Calculating Reduction on Rings

Calculating Reduction on Rings

Reduction requirements for cast material are important to consider, because any remaining cast structures in the billet can compromise the properties and leave residual porosity.

Q: Is there a specific formula to calculate reduction on rings and sleeves (rings drawn out on a pin)? I understand the way to calculate reduction on rings is to divide the wall thickness of the disc when it is punched by the wall thickness of the finished ring (for example, wall thickness is 10 in. when punched, and 4 in. when finished): The reduction is 2.5-to-1. Is this correct? Is there an additional factor if this ring is drawn out on a pin to gain length?

A: The wall-reduction levels in terms of percent reduction from start to finish is fairly straightforward: In that regard, you are basically correct.

However, total reductions are another matter. You have the pot die (used for most hollow blanks for rings). Assuming you are starting with a cast ingot/billet, the reduction is a function of the backward extrusion reduction followed by the subsequent reduction you described. However, the most important reductions are those obtained in final forging, because that is what controls the grain size of most steels.

The grain size reduces upon annealing if the final forging temperatures are proper for the alloy. For example, overheating can occur at only 2,200°F for a low-alloy steel if there is little or no reduction. For austenitic stainless, final grain size is controlled almost entirely by the final forging reduction.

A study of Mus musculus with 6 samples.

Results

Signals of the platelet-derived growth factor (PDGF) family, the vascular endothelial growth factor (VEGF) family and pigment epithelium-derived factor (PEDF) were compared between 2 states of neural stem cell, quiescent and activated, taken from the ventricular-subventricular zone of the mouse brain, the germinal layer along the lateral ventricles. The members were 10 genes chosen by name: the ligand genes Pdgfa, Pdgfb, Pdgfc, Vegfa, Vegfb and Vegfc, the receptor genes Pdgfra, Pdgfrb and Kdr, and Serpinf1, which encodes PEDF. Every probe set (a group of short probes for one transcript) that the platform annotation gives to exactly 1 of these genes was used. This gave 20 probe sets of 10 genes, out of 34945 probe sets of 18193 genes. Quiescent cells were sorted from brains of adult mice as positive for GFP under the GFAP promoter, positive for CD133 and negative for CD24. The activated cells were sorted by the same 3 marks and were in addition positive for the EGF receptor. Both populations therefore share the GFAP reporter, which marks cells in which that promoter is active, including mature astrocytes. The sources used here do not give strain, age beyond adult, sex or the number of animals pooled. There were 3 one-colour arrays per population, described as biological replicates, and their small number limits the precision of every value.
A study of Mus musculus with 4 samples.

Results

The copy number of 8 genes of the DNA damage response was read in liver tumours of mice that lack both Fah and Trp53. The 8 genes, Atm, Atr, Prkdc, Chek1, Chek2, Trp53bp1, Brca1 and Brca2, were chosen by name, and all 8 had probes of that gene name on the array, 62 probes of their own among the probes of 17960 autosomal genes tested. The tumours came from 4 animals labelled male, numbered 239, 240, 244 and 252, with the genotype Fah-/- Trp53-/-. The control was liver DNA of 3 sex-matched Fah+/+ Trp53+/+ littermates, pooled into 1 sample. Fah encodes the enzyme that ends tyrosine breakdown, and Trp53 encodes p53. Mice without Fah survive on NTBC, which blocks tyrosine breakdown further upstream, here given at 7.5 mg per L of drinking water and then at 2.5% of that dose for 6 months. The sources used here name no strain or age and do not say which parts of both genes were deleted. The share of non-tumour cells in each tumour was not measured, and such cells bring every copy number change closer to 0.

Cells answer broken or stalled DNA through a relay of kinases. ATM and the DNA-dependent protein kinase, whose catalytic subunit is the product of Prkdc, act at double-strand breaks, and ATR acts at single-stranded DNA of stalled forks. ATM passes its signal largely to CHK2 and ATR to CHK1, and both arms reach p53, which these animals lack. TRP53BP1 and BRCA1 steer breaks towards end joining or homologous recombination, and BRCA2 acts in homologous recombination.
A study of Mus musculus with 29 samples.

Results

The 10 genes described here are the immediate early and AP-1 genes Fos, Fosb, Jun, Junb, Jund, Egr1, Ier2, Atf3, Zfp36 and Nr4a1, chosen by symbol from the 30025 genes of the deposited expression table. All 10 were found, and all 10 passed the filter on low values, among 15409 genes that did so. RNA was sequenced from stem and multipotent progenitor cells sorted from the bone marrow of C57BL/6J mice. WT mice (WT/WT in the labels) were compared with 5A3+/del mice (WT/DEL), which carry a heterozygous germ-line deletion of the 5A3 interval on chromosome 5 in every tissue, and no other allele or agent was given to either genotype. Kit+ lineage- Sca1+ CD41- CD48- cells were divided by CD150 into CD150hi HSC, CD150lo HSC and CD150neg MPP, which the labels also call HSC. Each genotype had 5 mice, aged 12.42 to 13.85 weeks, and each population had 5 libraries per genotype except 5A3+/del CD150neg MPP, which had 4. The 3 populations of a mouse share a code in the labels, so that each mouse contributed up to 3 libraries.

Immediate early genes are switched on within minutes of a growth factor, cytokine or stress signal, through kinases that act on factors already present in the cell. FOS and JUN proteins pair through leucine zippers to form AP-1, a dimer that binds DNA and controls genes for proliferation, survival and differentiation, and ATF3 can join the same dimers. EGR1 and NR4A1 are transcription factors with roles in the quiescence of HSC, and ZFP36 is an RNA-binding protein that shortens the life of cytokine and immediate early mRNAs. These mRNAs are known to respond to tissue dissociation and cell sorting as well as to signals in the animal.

The reduction requirements for cast material are important to consider, because any remaining cast structures in the resulting billet can compromise the properties and leave residual porosity. However, when starting with press-forged billets (ahead of your ring forging), the reductions should have been sufficient by the method you described.

For more than 40 years H. James Henning held key technical positions in the forging industry, including as director of technology for the Forging Industry Association, and as president of Henning Education Services, a Columbus, OH, firm specializing in customized education and training in forging technologies.

Guidelines and recommendations offered in this column are based on information believed to be reliable and are supplied in good faith but without guarantee. Operational conditions that exist in individual plants and facilities vary widely. Users of this information should adapt it, and always exercise independent discretion in establishing plant or facility operating practice.